Most U.S. CEOs expect a recession, with 98% of those surveyed by the Conference Board saying as much. In response, they’re battening down the hatches and looking for areas to cut spending. One of those areas is talent.
By some estimates, more than 58,000 workers in U.S.-based tech companies have been laid off in 2023—and that’s just from one industry. More layoffs are almost certain to come, thanks in part to the bandwagon effect, a correction to overhiring in 2021, and what leaders foresee as tough economic conditions ahead. But are layoffs the right answer financially?
The data suggests otherwise. But as this trend builds, CEOs pondering a reduction in force may want to look closely at the surprising reality of layoffs. Research shows that the anticipated benefits are often a mirage, while the costs are much greater than leaders realize.
Layoffs are costly
Layoffs are expensive from day one. And before they save an employer money, they cost a bundle. For example, Microsoft announced it would take a $1.2 billion charge to earnings to account for its layoffs’ immediate costs, including severance payments, benefit extensions, accrued vacation, and other costs that may be contractually required. That’s $120,000 per laid-off employee.
Economic conditions are cyclical, and employers often want to refill empty seats when downturns end. Doing so takes more time and money since new employees require onboarding and training before they’re fully productive. Combine all these costs, and layoffs may not save a dime. “Job losses can produce greater costs than benefits,” says research from the consulting firm Bain & Company. That’s especially true if a recession turns out to be short and mild, as many economists expect in the U.S. this year.
Some companies learned this lesson the hard way in past downturns. In the prelude to the Great Recession, Northwest Airlines fired hundreds of pilots. When business recovered, it couldn’t hire pilots fast enough and lost millions of dollars of revenue from canceled flights.
Loss of knowledge
Valuable knowledge leaves when laid-off workers exit a company. It’s impossible to quantify, but companies can’t function at their best in a knowledge-based economy without the unwritten institutional know-how employees possess. And most of what leaves won’t come back. The damage can be more extensive than leaders may expect. “Employee downsizing not only runs the risk of destroying valuable organizational knowledge on the individual and social network levels but may also profoundly disrupt established procedures, routines, and the organizational culture,” conclude researchers in a comprehensive review of the relevant literature published in Management Learning. “These more indirect effects can have severe long-term consequences.”
Productivity will sag before, during, and after layoffs, ultimately hurting profitability. Anxiety, rumors, and false information will proliferate. Those who remain will think more about themselves and less about the company, and time spent gossiping and preparing résumés will mushroom. Analyzing multiple studies, researchers from the University of Colorado, University of Portland, and Texas A&M cite “decreased productivity among survivors” among the costs of employee downsizing. In more quantifiable terms, research published by the American Psychological Association found that after a layoff, the job performance of those who remained fell by 20%.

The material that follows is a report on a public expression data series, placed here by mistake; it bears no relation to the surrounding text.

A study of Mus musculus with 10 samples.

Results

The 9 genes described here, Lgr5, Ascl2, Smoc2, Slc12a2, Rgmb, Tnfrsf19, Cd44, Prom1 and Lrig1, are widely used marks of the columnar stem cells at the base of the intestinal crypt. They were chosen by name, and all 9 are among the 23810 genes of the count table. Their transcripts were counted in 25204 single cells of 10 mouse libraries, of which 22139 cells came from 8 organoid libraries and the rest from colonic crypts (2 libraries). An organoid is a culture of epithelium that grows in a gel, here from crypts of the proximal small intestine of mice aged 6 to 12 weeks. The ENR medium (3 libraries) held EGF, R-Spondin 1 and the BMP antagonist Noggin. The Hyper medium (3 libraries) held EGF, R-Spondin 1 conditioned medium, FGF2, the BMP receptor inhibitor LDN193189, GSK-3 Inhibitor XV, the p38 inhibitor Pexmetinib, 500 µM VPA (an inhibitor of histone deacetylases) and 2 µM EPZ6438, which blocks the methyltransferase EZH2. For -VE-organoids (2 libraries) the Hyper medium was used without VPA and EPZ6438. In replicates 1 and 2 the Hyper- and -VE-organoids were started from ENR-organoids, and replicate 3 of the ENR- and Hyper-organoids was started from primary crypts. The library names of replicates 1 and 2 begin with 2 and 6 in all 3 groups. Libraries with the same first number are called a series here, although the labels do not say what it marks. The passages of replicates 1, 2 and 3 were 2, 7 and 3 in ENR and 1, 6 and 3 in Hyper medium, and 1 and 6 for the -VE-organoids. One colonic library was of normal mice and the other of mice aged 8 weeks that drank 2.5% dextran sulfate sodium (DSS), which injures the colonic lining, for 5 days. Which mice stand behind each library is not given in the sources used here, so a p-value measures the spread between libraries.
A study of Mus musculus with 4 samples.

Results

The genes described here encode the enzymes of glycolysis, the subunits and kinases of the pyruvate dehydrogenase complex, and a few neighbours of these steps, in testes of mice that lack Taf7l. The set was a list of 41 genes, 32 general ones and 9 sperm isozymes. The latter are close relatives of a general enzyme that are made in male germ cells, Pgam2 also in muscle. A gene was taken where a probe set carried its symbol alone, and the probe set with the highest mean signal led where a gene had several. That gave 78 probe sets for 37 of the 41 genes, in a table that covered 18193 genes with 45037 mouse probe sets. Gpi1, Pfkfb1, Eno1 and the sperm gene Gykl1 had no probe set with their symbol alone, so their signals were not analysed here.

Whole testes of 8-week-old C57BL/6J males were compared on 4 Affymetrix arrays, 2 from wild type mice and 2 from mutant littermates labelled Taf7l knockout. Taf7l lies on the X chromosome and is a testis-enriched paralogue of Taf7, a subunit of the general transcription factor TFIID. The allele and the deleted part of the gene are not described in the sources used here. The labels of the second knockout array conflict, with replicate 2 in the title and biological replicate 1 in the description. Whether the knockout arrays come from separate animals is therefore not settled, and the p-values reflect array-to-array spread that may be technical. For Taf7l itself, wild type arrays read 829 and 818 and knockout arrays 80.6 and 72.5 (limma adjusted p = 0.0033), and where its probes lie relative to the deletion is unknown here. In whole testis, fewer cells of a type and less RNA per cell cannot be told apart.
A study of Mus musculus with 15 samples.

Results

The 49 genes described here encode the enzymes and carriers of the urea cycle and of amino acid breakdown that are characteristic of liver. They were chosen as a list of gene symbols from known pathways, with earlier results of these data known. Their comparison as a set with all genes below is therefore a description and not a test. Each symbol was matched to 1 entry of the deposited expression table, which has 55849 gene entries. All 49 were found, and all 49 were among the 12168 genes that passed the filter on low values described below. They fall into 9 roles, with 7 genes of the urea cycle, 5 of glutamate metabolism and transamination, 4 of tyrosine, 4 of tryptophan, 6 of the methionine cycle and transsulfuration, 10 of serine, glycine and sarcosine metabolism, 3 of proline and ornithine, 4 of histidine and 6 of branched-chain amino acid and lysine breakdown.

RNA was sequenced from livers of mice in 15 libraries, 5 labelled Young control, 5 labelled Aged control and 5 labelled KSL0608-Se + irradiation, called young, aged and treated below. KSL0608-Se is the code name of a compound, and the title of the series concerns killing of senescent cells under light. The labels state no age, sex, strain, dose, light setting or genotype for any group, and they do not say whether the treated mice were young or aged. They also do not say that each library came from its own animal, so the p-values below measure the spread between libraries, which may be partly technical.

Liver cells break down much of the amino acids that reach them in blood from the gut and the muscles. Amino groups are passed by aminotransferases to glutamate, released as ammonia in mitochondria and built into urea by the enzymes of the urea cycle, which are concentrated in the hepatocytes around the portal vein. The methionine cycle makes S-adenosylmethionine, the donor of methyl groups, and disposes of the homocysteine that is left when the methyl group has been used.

Succession plans get derailed
The leadership pipeline suffers, especially when layoffs are large, diminishing an organization’s future intellectual capital. Banks and electric utilities witnessed the drawbacks to leadership discontinuity after laying off tens of thousands of mostly junior employees during the recessions of the 1980s. Those companies paid the price 20 years later when they needed experienced, knowledgeable executives to succeed the retiring generation and found only a broad, empty space in the ranks.
A study by Cigna and the American Management Association found that employees who remain after a layoff make significantly more medical claims than before, especially for mental health, substance abuse, and cardiovascular issues. Stanford University researchers, citing multiple studies, note that measures of job insecurity such as downsizing or mass layoffs are associated with “worsened health among surviving employees.” Those doing the firing also aren’t immune. Research from 45 U.S. hospitals shows that managers are twice as likely to suffer a heart attack in the week after they fire someone.
Wall Street may react
A Bain report found that if a company lays off employees as part of a larger strategic restructuring or merger, investors may push the stock up. But if a layoff is merely cost-cutting, Wall Street senses trouble and typically sends the stock down. Hasbro stock fell 9% when the company announced in late January it was laying off 1,000 employees.
To be sure, layoffs may be unavoidable in a sudden, severe economic shock—say, a once-a-century global pandemic. But even in extremis, business leaders might want to consider whether a layoff is truly unavoidable. A few major companies have refused to make mass dismissals for 70 years or more, including during the pandemic, and have thrived. Toyota avoided laying off employees in the 2008–09 recession, even as General Motors, Ford Motor, and Chrysler dismissed tens of thousands. Lincoln Electric, a major Ohio-based maker of welding equipment with factories worldwide, hasn’t laid off employees in at least 75 years; its stock was recently near an all-time high.
Layoffs are alluring in difficult times and when the next quarter’s earnings are in peril. But that may be the short-termism trap. As more CEOs consider downsizing their workforce, it would behoove them to question whether, in the big picture, the long-term case against layoffs is more persuasive.